Last night I watched a BBC documentary largely focused on the work of eminent biologist Paul Nurse, on current work on gene technology in relation to the process of ageing. He spoke of how cells develop cancer and dementia due to the simple process of age, the cells just accumulate damage which impairs the usual controls on cell replication, hence they fail to work normally. There was a lot of talk on the benefits and dangers of gene therapies, and the morality of using foetal stem cells. Another researcher presented evidence that damage was more an error in specific genes which made some people age with more problems than others. Unfortunately removing this gene risks a lot of good the same gene does, so is dangerous territory, but intriguing.
There was also talk of the dangers of gene therapy, especially in relation to the new technique of Crispr that risks opening the floodgates to a whole lot of new treatments, and raises a lot of moral problems such as the danger of creating designer babies, and even of a new master race based on better genes.
This is all intriguing stuff but ignores the fact that many of our ancestors lived long healthy lives without these aids. I have reports of – mostly women – living to the age of 160 and being independent right up to the end. There are regions where people are still active in ripe old age. All this wonderful science doesn’t explain this.
Nurse talks of the 3 big killers – cancer, heart disease and dementia, which are all age related, but they also involve modern, urban lifestyles which are increasingly sedentary and unhealthy.
Which takes me to the story of Ernestine Shepherd, featured in the i paper a few weeks ago, as ‘Baltimore’s bodybuilding grandmother’ . You may wish to sit down to read this because her exercise regime is exhausting to read. She wakes at 2.30 am, walks 10 mils then works out at the gym from 7.30 -11.30. She is 80 years old and the Guinness World Records have proclaimed her the world’s oldest competitive female body builder. She had been injured as a child so was exempted from PE at school, but at 56 was encouraged to get fit by her sister. She was inspired by Rocky to get her life together, like Stallone’s hero. She eats 5-6 small, healthy meals each day, with lean meat, vegetables and fruit, and snacks of egg whites. She goes to bed at 10 or 11 and finds this is enough sleep for her.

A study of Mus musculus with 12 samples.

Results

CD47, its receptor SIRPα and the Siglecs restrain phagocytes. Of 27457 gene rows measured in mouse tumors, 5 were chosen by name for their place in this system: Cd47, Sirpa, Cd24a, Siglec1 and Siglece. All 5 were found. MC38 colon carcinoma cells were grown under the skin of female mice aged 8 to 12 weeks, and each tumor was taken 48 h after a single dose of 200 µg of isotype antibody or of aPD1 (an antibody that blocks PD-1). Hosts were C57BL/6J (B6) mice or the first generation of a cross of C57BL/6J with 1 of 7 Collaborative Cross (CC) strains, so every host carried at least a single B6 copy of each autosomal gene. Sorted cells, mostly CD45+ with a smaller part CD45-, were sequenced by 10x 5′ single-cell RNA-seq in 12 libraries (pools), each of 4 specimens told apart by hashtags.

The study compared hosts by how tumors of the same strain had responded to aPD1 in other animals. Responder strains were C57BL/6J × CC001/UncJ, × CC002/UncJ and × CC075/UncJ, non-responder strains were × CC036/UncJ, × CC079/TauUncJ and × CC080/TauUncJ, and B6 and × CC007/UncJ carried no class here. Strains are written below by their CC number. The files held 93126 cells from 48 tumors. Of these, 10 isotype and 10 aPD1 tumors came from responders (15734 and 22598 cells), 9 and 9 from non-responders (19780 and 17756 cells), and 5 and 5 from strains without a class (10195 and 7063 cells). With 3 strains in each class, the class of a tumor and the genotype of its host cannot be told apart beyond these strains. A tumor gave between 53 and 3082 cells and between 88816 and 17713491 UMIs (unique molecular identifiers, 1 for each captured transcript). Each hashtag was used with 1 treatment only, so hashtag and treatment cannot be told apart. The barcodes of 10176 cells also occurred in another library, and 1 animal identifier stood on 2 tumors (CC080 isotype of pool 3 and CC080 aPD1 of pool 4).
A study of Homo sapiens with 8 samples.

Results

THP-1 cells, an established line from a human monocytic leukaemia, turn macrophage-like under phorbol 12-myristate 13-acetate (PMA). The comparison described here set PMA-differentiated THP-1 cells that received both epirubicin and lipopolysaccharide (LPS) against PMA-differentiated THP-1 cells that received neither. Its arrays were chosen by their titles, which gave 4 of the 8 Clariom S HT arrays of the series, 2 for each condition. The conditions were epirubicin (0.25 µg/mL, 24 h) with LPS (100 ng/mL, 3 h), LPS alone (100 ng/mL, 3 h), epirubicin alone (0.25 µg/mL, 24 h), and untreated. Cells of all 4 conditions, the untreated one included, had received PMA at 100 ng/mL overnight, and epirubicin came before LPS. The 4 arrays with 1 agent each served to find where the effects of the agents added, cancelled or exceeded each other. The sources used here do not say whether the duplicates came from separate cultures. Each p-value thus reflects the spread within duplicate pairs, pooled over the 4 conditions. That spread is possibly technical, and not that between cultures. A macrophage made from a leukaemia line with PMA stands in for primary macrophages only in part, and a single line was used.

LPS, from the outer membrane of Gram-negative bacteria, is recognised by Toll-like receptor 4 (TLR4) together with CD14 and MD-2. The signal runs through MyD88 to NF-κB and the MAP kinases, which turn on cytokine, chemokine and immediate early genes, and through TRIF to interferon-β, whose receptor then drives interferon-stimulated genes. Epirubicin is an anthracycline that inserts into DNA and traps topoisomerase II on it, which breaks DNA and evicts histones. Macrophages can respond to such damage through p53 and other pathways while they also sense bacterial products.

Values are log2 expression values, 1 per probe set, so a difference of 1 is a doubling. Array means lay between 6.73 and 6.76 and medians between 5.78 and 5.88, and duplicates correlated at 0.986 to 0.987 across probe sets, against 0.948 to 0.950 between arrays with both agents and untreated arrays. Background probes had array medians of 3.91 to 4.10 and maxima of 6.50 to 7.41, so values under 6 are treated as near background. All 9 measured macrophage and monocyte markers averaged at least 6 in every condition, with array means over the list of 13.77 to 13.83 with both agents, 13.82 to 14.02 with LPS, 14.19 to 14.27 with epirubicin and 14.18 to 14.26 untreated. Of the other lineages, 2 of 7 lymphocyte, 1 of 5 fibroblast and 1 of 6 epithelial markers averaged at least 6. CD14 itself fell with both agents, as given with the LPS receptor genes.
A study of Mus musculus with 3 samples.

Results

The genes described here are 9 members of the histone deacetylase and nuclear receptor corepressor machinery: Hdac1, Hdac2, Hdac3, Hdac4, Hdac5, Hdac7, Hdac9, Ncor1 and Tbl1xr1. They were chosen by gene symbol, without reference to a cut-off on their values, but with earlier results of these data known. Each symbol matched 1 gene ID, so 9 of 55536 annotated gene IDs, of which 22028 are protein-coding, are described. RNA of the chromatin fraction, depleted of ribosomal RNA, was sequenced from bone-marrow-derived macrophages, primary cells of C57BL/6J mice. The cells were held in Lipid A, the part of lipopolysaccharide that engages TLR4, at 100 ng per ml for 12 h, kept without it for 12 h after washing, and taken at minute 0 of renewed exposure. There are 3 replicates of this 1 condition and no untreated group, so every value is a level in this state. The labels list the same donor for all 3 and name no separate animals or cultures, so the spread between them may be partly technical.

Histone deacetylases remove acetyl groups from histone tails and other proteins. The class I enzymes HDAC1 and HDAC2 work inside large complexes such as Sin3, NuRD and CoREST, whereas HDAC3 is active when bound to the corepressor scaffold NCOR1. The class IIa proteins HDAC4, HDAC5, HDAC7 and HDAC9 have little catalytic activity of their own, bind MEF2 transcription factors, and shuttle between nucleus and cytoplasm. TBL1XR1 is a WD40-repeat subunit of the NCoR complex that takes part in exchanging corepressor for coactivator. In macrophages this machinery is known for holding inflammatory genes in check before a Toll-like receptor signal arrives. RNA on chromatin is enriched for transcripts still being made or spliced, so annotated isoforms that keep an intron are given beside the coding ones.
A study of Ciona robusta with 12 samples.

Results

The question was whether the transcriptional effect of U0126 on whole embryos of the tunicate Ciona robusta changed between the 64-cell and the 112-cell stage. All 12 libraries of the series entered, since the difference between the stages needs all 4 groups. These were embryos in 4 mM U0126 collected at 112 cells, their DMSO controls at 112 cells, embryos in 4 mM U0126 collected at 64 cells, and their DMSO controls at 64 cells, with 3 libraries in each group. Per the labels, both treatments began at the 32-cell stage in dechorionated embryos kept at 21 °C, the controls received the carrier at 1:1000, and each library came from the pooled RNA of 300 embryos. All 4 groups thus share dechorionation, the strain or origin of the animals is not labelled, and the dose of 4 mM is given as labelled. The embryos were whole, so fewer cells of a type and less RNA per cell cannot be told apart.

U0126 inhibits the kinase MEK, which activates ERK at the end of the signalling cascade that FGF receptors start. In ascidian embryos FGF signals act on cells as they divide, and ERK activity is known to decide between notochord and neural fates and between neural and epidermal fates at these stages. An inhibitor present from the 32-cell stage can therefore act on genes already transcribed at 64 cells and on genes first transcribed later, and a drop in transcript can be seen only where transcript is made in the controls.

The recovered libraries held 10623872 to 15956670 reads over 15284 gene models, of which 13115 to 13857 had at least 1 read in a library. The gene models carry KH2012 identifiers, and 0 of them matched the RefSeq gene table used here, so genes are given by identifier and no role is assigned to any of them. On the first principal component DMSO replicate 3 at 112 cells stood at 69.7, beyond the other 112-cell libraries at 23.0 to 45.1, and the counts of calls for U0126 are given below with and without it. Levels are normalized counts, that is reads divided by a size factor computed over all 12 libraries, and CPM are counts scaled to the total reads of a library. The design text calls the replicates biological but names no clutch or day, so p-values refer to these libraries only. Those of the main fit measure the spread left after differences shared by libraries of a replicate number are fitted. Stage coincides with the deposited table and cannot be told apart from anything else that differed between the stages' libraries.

After her sister died, she became very depressed and had no one to urge her to keep exercising, but to fight this and panic attacks she returned to training. She has been married 60 years and is active in her local church and now travels giving motivational talks and fitness training. She also drinks a lot of water.
Her regime seems terrifying, but there is a lot to be learned from her success. And that’s where modern science fails. They say they don’t treat old age as a disease, yet they are. They ignore peoples’ lifestyles, and the poor diet and stress that comes with poverty and poor living standards. The late Jo Cox highlighted loneliness as a big factor in many peoples’ lives; being engaged with other people helps mental and physical health, so raises longevity.
Science of ageing is fascinating, but quality reflects quantity. It also continues the practice of health care being passive for the recipients. You take a magic pill and you get better. This is nonsense. We all need to be proactive in our own health and healthcare. If you’re happy and active, you want to live longer. And as Ernestine Shepherd shows, it’s incredible what you can achieve if you really want to.